There are a variety of healthcare Marketplace plans that each have their own specifications. Some plans will restrict your provider options for your network, while others may have you pay a higher cost if you use providers outside of your network.
What is a managed healthcare plan?
The idea of managed healthcare insurance plans became popular later in the 20th century. These plans offer policies to individuals within a group or employer. The managed healthcare plan helps the beneficiaries with better rates by using services within their plans network.
The options you have may depend on the location you live. The plan options are often referred to as Bronze, Silver, Gold, and Platinum, not to be confused with the olympic medals. Generally, each plans healthcare costs are:
- Bronze covers 60%, you pay 40%.
- Silver covers 70% , you pay 30%.
- Gold covers 80%, you pay 20%.
- Platinum covers 90%, you pay 10%.
Health Maintenance Organization (HMO)
The HMO plans offer a lower monthly premium and lower cost-sharing expenses, or your share of the expenses you pay out of pocket, for those who have less restrictions in their network. However, they require primary care provider referrals and will not pay for services outside of the plans network.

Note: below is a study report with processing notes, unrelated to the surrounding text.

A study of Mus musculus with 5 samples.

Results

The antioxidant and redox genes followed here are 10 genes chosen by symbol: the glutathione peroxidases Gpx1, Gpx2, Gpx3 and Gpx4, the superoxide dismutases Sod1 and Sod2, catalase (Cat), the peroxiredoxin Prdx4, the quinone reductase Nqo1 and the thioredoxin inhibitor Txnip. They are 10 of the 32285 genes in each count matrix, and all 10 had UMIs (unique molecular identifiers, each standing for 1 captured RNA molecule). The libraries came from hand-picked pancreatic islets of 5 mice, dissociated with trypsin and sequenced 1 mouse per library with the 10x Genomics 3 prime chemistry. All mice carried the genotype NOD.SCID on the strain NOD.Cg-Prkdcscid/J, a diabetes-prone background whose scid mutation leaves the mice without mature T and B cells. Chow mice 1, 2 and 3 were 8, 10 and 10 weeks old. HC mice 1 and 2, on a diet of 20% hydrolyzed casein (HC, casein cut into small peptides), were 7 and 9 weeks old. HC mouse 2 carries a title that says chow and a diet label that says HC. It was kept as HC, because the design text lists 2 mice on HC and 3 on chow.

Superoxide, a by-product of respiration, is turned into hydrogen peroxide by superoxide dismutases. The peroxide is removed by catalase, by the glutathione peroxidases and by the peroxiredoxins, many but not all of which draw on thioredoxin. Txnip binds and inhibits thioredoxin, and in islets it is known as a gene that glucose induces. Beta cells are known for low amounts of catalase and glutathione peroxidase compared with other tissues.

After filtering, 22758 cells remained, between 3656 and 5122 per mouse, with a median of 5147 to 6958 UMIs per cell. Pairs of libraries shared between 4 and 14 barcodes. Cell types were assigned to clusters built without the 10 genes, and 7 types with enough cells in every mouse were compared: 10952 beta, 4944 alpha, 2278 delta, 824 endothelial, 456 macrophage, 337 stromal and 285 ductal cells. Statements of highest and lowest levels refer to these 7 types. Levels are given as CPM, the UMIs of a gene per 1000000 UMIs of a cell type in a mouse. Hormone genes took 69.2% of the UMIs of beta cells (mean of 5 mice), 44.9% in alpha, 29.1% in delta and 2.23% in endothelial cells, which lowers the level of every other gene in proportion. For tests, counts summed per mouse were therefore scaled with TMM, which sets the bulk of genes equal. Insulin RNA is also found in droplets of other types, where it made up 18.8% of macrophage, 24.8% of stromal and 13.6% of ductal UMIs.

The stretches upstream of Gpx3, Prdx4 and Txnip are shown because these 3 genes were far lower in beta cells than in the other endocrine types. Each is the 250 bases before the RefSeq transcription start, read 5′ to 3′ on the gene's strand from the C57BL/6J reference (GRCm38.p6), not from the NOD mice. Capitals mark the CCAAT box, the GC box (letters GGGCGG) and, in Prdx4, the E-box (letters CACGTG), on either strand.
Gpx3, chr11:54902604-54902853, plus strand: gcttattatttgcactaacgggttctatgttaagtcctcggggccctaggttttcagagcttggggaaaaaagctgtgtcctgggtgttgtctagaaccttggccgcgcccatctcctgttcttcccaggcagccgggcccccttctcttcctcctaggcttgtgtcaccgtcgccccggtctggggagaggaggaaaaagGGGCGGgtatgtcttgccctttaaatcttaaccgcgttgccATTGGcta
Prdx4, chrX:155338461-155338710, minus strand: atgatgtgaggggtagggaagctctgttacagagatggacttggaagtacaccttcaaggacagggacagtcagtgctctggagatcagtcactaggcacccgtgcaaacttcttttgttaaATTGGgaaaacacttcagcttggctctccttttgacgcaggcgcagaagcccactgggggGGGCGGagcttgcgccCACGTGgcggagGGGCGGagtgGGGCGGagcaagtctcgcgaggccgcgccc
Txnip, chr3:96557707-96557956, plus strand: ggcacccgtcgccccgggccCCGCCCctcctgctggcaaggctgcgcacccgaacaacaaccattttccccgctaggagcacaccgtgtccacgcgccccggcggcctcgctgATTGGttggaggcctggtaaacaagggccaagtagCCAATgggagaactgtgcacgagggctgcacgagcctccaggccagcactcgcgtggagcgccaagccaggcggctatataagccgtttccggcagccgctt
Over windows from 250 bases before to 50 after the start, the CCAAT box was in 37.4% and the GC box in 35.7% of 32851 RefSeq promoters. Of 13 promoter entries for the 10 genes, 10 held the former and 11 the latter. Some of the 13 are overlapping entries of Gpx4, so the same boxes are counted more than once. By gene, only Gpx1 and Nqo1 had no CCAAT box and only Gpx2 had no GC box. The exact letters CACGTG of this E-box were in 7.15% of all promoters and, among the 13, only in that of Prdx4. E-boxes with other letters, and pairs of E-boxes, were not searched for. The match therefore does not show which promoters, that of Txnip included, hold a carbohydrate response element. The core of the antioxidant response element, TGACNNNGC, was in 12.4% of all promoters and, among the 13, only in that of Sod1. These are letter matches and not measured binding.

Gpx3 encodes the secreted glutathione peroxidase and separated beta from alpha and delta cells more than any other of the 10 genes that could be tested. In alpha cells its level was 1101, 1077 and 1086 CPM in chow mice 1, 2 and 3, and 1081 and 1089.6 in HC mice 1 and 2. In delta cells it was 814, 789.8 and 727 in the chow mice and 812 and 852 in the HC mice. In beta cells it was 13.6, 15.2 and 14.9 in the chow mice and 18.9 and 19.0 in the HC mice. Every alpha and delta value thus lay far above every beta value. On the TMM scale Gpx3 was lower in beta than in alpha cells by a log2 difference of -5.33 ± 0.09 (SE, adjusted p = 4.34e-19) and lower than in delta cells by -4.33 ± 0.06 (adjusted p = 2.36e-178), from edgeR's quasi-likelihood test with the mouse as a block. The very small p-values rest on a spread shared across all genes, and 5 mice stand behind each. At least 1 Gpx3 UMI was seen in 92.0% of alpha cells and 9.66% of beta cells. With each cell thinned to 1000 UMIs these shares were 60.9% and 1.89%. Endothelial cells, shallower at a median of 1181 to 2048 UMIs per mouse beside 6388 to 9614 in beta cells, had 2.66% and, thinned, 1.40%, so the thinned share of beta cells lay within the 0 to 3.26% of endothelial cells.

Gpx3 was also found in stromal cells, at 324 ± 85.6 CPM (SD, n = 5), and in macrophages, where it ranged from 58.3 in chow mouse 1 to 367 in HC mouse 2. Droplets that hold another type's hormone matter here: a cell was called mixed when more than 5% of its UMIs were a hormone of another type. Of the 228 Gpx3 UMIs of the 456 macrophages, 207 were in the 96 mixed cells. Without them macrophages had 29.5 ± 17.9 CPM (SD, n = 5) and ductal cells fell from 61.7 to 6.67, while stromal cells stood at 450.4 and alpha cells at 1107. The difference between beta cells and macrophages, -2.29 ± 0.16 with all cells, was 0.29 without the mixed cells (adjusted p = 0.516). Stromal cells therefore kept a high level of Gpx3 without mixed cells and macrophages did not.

Preferred Provider Organization (PPO)
The PPO plan name speaks for itself. The Preferred Provider Organization has a network with providers that they prefer you to use, but will still pay for services out-of-network. However, the costs are lower if you stay in your preferred network rather than going out-of-network for services. Since they are less restrictive with their plan, the monthly premiums are often higher.
While PPO plans have gone down in popularity for individuals, they are still common for employer-sponsored healthcare plans.
Point-of-service plan (POS)
POS plans are similar to the HMO plans, but they are less restrictive when it comes to your in-network and out-of-network coverage. POS is a mixture of an HMO and a PPO healthcare plan. Under specific circumstances, your POS plan will allow you coverage like a PPO plan.
You have more options available to you under a POS plan than with an HMO plan, but you may still need a referral for a specialist from your primary care provider. While you can have services done that are out-of-network, you will have to pay more unless you use in-network services.
Exclusive Provider Organization (EPO)
EPO plans are named due to how exclusive they are with their services and networks. If you have an EPO plan, you are required to stay with your providers that are listed in-network, otherwise EPO will not pay. While they are strict on who you can see while having your expenses covered, an EPO will not require a referral from your primary physician.
It is important to understand the difference between each of these common plans to know which plan is best for you. On top of your budget, knowing your in-network options could be crucial in how you decide on the right plan for you.